A large number of charter school students were absent from class Wednesday to rally in support of charter school expansion here in the city. NY1's Lindsey Christ filed the following report.
A sea of little advocates in oversized red shirts rallied in Brooklyn, crossed the Brooklyn Bridge and rallied again at City Hall.
"We're here because Mayor de Blasio wants to shut down our schools," said one young participant.
Not exactly. De Blasio has no power to close most charters. Nor has he said he would. But he has not been a fan of the taxpayer-funded but privately run schools. So for the fifth time in two years, the charter movement rallied students and parents to pressure him, this time demanding he shut failing public schools so charters can open in their place.
"I am here today to talk about the two unequal school systems in New York City: one school system that works, and another that doesn't, that fails our kids," said one speaker at the rally.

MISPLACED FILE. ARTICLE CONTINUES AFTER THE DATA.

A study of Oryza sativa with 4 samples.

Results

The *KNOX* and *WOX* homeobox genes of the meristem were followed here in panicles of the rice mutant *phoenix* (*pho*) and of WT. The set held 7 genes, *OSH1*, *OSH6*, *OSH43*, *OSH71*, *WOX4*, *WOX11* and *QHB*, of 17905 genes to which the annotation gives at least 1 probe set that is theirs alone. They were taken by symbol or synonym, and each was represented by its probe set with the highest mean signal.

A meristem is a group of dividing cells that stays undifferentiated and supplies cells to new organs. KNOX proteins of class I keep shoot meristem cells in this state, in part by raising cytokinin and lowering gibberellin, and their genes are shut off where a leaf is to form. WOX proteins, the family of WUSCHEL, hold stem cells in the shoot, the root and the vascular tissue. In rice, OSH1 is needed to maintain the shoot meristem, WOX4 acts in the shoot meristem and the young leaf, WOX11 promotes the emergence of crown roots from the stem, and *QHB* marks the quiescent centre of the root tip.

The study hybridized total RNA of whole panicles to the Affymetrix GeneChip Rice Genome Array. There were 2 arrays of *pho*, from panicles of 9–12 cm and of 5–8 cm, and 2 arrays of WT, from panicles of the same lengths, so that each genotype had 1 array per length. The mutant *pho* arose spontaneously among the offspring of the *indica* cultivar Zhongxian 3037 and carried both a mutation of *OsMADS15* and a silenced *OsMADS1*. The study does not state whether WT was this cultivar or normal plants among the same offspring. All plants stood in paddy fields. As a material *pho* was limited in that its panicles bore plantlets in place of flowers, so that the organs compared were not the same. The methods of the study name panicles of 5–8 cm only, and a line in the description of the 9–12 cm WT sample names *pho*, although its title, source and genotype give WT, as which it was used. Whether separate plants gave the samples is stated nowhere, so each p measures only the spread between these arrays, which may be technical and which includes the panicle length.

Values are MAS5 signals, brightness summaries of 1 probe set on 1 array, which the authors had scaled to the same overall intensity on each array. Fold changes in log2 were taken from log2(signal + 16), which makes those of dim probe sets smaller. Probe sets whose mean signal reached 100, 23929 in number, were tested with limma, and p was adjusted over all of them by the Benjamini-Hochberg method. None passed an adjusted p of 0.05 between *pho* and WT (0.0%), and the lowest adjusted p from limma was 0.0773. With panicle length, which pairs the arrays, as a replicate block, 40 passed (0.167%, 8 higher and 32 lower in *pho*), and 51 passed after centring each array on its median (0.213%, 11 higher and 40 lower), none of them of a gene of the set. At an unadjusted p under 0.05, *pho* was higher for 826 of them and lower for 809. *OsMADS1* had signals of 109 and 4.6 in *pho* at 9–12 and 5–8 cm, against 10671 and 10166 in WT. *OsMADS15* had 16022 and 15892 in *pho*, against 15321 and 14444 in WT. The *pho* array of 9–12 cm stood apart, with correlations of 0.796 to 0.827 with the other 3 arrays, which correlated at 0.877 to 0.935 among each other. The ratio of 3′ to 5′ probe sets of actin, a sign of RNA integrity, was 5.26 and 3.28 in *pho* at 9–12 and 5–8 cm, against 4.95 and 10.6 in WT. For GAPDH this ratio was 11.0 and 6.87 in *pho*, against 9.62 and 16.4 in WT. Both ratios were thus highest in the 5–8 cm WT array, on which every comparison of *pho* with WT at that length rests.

"A lot of kids are failing, and we want to open more schools so that kids have opportunities like us and get to go to a great school," said one young participant.
Most participants at the rallies have ties to Success Academy charter schools, run by a longtime de Blasio political rival, Eva Moskowitz. All 34 Success Academies closed Wednesday morning so its 11,000 students and their parents could protest.
Organizers have suggested that de Blasio's policies are condemning black and Hispanic children to second-class schools.
De Blasio defended his policies.
"Our vision for the New York City public schools is that every school is going to be brought up to the point of excellence," de Blasio said in an interview with 1010 WINS Radio. "We are putting an unprecedented level of resources in."
The event was orchestrated by the charter advocacy group Families for Excellent Schools. Organizers would not say how much it cost or whether performers, including Jennifer Hudson, were paid.
Some elected officials have questioned whether charters should cancel class for a political rally. The City Council education committee even held a hearing into the issue last year.
The charters claim the rallies can serve as learning experiences for the kids who participate.